What's a PR bailout? It's a necessary, fundamental, and substantive change in an individual, organization, or institution that has lost its way, which requires a program to communicate the change and thereby redeem the entity's reputation. Here, in no particular order, are my picks for the top six of 2009:
Financial services industry: The current economic crisis was the result of poor lending practices, securitization of risky loans, collapse of the housing market, ineffectual oversight, greed, and bad judgment. It seems some lessons still haven't been learned. The AP recently asked 21 banks – each of which had received at least $1 billion in TARP funds – how that money was used. Not one could provide “even the most basic ac-counting” for the bailout money.
The SEC: Like traditional banks, the shadow banking system borrows short and lends (or invests) long. But they do so by means of derivative instruments that enable them to evade regulatory constraints, like reserve requirements. The SEC – created by Congress in the wake of the Crash of 1929 – presided over 2008's global financial crisis. To date, it has done nothing to reassure investors that it is actively protecting their interests.
The Republican Party: According to the Gallup Organization, the image of the GOP went from bad to worse following the recent presidential election. Of Americans polled in November, 61% reported having an unfavorable view of the Republican Party. (In contrast, only 39% of respondents reported an unfavorable view of the Democratic Party.)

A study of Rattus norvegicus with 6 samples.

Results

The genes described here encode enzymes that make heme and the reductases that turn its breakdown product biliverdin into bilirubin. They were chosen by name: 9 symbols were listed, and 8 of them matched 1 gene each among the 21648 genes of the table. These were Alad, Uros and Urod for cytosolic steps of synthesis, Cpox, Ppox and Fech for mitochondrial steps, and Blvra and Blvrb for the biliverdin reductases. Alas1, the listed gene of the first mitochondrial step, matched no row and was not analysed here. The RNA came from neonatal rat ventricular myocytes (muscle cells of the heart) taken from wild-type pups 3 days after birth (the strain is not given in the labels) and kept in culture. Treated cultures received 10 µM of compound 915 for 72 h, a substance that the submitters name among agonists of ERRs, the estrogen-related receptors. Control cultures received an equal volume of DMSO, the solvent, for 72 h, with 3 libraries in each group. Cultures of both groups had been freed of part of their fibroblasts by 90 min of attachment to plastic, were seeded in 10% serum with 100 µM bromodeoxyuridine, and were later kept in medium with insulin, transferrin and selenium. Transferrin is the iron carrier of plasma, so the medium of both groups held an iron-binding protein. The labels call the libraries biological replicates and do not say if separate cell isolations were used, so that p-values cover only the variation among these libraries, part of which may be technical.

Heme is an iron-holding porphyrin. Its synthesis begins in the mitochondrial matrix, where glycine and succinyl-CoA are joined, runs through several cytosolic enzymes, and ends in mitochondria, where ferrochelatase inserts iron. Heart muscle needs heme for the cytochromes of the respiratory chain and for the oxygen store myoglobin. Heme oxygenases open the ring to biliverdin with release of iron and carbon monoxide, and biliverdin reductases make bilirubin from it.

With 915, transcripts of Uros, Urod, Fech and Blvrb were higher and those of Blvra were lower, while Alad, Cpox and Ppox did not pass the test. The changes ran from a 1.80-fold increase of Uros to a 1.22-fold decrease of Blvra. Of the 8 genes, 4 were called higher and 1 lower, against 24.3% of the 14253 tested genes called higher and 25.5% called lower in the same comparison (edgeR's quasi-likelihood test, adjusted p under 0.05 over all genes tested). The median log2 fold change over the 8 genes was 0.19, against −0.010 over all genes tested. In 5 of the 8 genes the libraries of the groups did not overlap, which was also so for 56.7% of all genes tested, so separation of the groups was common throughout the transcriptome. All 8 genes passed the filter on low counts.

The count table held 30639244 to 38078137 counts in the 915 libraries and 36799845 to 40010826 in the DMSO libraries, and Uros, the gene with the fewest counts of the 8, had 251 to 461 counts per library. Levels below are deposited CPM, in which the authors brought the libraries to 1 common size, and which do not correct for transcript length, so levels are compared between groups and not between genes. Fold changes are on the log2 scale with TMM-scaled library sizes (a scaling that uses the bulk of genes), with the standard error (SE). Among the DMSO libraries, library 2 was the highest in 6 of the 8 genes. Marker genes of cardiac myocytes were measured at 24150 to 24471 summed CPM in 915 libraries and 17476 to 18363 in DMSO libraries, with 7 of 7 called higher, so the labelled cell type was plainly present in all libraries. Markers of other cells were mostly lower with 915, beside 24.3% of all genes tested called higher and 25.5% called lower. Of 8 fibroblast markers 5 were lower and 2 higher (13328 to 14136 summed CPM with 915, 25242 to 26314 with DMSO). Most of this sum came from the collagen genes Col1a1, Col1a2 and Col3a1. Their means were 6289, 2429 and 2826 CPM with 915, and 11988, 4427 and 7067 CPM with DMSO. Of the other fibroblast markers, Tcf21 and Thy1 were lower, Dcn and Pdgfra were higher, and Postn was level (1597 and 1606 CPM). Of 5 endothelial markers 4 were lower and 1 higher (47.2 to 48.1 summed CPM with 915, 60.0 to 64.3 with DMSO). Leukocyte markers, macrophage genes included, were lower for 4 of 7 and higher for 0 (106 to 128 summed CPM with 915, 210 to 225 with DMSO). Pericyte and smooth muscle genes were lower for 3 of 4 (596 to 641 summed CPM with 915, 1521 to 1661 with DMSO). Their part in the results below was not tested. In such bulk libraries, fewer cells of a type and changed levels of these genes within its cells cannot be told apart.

In recent years, some members of the GOP have violated the trust of Americans by appearing to put power, money, and political expediency first. The party needs to rebuild its relationship of trust with the American people before it can hope to rebuild its image.
Ford, Chrysler, and GM: Much scorn was heaped on the heads of Detroit's Big Three when they chose to take private jets to Washington for a congressional hearing. The real problem was much deeper and more serious: high costs, quality issues, lackluster design, and the fact that all three automakers have long been out of touch with their customers, and, consequently, unable to give consumers what they actually want.
Detroit: As the Big Three go, so goes Detroit. The population of this once vibrant city has shrunk to less than half what it was in the 1950s. Motown needs to aggressively pursue an industrial development campaign – fueled by PR and marketing – to attract companies with an interest in green technology and provide new opportunities and skills for its people.
USA (as a global brand): Re-search conducted by the Pew Global Attitudes Project – most recently before the 2008 presidential election – has shown a steady decline in the nation's image following the invasion of Iraq.
In fact, the US was perceived negatively in all 24 countries in which the Pew conducted its study. It will take some effort and time for the new administration to restore the equity in the US' brand, which was squandered throughout the past eight years.
Kenneth Makovsky is president of Makovsky & Co.